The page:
Wednesday, May 12, 2010

Lack of Attention PT 3 (final)

Sorry to leave you hanging, but I'm bad at this stuff.

When I last left you, I had chosen to take the community service job at the Santa Clarita Community Center. I had no idea what I was in store for.

I'll skip the part of my initial meeting with Brenda and just cut to the chase of what really matters.

This building does a lot within our community. They house the following resources: Salvation Army, Veterans Office, Single Mothers Outreach, County Food Pantry, ESL classes. I'm sure that I'm missing something, but you get the idea. They also are involved with Toys for Tots, Disaster Relief, FEMA, etc.


And throughout this building I met a wealth of vey nice people that were very gracious of my presence. A lot of these employees were part of the Title V Senior Citizen Employment Program. It is a program that puts senior citizens in the workplace and gives them experience and on the job training so they can move on again.

I'm sure a lot of people just show up and clock in and do the minimal to get by. I'm not that guy. I looked for things to do and asked people if I could help them. When you're busy, time will fly by.

I was picking up day-old food from local grocery stores and Starbucks and driving to the valley and to East L.A. to the other foodbanks to pick up food to bring back. We'd do this every Thursday. When we got back we'd unload the truck and put things away. It could be breads, muffins, cakes, frozen items, beans, rice, canned goods, etc. They really got everything that someone would want to eat.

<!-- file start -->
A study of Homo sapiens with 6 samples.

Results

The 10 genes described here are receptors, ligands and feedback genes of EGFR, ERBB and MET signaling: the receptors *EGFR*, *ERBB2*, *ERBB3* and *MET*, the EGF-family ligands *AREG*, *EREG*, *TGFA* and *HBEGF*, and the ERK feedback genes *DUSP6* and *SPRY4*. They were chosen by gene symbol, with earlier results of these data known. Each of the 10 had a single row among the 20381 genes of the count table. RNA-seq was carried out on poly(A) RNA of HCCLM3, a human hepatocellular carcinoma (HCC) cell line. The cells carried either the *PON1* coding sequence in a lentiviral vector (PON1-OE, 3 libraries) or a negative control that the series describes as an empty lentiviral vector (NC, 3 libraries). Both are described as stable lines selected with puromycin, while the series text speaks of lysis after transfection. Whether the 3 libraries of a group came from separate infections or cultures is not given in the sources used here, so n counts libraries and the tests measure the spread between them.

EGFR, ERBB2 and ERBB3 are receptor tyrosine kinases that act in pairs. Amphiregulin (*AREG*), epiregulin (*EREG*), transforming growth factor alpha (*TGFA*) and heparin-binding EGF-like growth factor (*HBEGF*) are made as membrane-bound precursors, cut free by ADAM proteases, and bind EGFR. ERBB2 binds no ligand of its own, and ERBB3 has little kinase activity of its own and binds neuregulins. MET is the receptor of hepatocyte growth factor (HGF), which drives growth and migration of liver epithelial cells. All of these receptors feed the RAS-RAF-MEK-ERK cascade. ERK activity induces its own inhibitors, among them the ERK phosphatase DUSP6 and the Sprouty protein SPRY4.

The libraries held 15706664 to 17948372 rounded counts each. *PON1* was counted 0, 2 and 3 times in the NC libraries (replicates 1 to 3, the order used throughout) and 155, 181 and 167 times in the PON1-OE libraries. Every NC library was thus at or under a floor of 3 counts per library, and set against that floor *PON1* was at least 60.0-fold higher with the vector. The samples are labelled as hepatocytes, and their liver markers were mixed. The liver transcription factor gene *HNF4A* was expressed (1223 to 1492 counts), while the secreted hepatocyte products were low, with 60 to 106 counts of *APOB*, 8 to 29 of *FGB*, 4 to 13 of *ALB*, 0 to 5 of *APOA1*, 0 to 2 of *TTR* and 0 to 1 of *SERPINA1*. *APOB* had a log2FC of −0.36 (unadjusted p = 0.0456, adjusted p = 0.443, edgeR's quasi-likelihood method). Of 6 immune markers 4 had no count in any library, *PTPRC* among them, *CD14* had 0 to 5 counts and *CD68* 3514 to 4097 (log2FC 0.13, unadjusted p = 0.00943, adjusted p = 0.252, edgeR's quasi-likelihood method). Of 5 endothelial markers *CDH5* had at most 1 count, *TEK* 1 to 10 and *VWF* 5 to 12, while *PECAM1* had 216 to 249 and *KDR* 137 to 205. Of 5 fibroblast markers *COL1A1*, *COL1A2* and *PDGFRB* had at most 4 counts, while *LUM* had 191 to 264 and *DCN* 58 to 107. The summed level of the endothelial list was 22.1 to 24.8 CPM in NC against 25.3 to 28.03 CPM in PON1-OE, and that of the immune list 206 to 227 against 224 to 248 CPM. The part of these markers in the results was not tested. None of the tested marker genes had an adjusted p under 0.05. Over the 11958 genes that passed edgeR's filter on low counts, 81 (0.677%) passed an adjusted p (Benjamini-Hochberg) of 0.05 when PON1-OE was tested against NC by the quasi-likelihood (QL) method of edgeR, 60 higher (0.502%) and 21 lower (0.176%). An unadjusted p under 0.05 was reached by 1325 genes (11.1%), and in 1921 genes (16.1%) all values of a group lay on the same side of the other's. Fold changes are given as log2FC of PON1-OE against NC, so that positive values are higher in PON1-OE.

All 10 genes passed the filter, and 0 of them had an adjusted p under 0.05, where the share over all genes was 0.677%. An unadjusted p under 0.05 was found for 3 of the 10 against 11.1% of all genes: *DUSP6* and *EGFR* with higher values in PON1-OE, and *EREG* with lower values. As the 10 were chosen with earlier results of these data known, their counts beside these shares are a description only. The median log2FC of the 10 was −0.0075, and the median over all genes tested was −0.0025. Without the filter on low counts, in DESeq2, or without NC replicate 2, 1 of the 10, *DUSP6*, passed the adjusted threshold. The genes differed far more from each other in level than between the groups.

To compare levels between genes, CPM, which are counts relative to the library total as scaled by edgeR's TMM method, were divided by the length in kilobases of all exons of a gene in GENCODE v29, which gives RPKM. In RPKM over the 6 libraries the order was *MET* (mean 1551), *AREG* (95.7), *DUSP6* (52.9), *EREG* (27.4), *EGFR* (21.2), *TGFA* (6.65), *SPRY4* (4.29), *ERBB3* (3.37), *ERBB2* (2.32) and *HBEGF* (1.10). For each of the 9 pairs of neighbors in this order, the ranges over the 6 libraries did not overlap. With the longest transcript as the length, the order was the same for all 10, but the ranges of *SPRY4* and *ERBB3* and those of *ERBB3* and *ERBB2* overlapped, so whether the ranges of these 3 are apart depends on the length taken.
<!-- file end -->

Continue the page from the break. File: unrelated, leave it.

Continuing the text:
They really needed one of me forever. They needed someone to crawl in the back of the truck on their knees, to lift boxes and really just work. That kind of work isn't meant for a senior, but we all know how this works, and I won't go into that.

So... I found out that people can come for bread every day. They can come for food once a month. And although it is a lot of food that they can take, it isn't enough for a month. Maybe a couple of weeks. A single person would leave with about 8-10 cans of misc fruits & veggies, some canned meat (tuna fish, ham), bag of rice, bag of beans, milk, bunch of bread, and maybe a couple of other things. If you were a family or a couple, the numbers went up a bit, to just under double of the single guy. But that was it. Thanks, we'll see you next month. Everyone has a file and they keep track of everything.

The food pantry has a lot of food, but not enough to give away more. The Salvation Army is the same, but they would get cosmetics from Costco too. Like if a package of 10 bars of soap was damaged and one bar was broken, they'd get the 9 other bars. I saw that a lot. Or with multi packs of lotions, still very usable items. They'd get diapers and detergents too. The Salvation Army would order their food and the county would get their food allocated.

But what I learned most here is that you need to really take stock of what you have and be grateful. There are so many more people that don't have anything. I didn't fully realize the extent of that until I worked here. I filled a box of stuff for a small family and then gave it to them. That is something completely different. Words can't explain that feeling. Please donate to them or to anyone. Remember, there definitely are resources for the homeless and people in unfortunate circumstances. The people on the side of the road are in a different situation. I'm not assuming things, but they have to know of the food banks and community sources like this.

Anyhow, there is so much to talk about and I'm running out of time. I'll touch on some more of this later.

Share with me some of your experiences.